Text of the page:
Guide to Jamaican Music Culture

Negril, Jamaica, ©dubdem sound system/Flickr

Negril, Jamaica, ©dubdem sound system/Flickr

The music of Jamaica follows the history of the island; as major changes occurred socially and politically, new genres of music were created as a means for islanders to make their voices heard. To really make the most of your Jamaican vacation, try and attend an event where live music will be performed.

Jamaica‘s music culture is a fusion of elements from the United States (rhythm and blues and soul), Africa, and neighboring Caribbean islands such as Trinidad and Tobago.  Jamaican music‘s influence on music styles in other countries includes the practice of toasting, which was brought to New York City and evolved into rapping. British genres as Lovers rock and jungle music are also influenced by Jamaican music.

Early History of Jamaican Music

One of the first forms of music created in Jamaica was called mento. People in the rural areas started to play on acoustic guitars, banjos and also flutes and saxophones, clarinets made by themselves, therefore mento songs can be originated from these areas. Because the lack of original drums, percussion became an important part of this music style.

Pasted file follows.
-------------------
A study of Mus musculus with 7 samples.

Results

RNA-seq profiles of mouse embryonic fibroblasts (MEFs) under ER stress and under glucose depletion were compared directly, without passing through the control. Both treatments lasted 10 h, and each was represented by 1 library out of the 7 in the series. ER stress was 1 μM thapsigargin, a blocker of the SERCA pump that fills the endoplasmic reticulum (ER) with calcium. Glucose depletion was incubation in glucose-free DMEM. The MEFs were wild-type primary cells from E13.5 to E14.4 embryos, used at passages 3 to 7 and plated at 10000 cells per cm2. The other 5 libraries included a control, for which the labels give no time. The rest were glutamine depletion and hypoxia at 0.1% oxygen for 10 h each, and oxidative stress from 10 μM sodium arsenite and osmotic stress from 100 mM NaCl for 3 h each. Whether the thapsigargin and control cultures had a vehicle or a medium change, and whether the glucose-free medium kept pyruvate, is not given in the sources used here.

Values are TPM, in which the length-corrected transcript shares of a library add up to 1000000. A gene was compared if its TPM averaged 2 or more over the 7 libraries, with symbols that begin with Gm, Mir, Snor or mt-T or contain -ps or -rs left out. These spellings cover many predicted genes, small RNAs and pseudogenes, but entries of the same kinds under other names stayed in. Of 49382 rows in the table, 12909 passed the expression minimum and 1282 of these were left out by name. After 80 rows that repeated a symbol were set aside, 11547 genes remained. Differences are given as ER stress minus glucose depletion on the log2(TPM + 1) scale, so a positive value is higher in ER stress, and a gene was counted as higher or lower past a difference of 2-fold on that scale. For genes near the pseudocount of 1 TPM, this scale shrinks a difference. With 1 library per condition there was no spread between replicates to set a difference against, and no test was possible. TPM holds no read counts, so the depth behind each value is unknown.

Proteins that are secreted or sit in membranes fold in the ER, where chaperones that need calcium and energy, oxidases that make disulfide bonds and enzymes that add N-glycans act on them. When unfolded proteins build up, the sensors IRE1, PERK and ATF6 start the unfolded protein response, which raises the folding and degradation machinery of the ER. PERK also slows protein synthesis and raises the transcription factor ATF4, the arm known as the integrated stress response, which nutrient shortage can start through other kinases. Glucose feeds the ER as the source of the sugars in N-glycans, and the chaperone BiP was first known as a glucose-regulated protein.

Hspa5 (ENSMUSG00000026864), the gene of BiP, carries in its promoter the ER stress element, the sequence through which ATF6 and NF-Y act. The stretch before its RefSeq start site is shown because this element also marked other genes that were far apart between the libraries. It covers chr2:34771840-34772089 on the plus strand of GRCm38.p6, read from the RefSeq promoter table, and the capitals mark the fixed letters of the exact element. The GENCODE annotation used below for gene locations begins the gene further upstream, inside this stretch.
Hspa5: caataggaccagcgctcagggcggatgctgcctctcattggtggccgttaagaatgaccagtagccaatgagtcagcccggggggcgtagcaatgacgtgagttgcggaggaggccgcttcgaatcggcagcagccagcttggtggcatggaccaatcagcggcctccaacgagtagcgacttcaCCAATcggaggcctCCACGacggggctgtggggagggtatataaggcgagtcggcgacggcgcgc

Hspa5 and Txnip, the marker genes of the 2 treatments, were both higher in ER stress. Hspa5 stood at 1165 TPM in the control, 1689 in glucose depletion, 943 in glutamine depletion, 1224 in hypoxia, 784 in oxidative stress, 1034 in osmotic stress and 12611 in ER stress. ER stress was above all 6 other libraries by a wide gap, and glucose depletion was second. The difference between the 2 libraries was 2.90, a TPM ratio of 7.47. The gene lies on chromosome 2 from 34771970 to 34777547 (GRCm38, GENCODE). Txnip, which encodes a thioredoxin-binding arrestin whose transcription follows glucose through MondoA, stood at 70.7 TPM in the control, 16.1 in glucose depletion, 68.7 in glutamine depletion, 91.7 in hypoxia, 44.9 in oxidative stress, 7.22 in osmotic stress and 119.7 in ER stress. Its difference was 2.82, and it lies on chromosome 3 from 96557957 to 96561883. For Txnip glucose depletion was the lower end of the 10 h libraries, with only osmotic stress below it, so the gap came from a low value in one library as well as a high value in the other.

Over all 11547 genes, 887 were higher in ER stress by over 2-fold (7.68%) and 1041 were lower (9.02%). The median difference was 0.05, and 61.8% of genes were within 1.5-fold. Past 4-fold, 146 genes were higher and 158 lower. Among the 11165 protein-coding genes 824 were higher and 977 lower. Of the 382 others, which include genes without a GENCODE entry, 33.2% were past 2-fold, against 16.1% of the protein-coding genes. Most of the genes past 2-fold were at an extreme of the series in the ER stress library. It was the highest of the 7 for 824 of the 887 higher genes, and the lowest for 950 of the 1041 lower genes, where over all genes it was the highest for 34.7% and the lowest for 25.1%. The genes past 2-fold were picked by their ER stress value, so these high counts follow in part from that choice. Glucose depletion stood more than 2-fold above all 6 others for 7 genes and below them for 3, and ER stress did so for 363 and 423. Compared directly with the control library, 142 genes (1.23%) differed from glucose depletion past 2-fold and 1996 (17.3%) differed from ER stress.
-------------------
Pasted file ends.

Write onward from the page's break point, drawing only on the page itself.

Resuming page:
Mento music, ©Robert Bejil Photography/Flickr

Mento music, ©Robert Bejil Photography/Flickr

Instead, islanders would bang out beats on whatever they could get their hands on.  The instruments used, and the slow, country-music style has often allowed mento music to be easily confused with calypso, though they are two distinct styles, and calypso originated in Trinidad.  Another style of music that originated in Trinidad, but is popular in Jamaica is steel pan.

Appearance of Jazz Music

Because the lack of original drums, percussion became an important part of this music style. In the 1950s the United States started to broadcast jazz and blues on the radio stations and mento musicians invented a new style of music, named ska. Regional artists started to combine elements of the three different styles and in a stroke of genius began placing emphasis on the afterbeat, rather than the downbeat.  Horns and bass guitar dominated these fast paced, upbeat songs.

Jazz Jamaica, ©SteveR-/Flickr

Jazz Jamaica, ©SteveR-/Flickr

From Mento to Reggae

Still, the music of Jamaica continued to evolve, and the worsening political and social climate of the island aided in the development of reggae.  The 1960s disenfranchised youth of the island (many of which were Rastafarians) needed a way to voice their frustrations with the direction their country was going, and reggae music was it.  Reggae is the musical decedent of mento, ska, and rocksteady, but the genre focuses on creating more meaningful lyrics and speaking out about what is important to the people of Jamaica.

Negril, Jamaica, ©dubdem sound system/Flickr

Negril, Jamaica, ©dubdem sound system/Flickr

Music is many things to the people of Jamaica: a form of entertainment, a release, an important part of their heritage, and a way to express themselves.  To truly get a feel for the people of the island and what is meaningful to them, listen to the music, and if you can, attend a live performance.  Listening to live music in Jamaica is sure to be a memory you’ll keep of your vacation for years to come.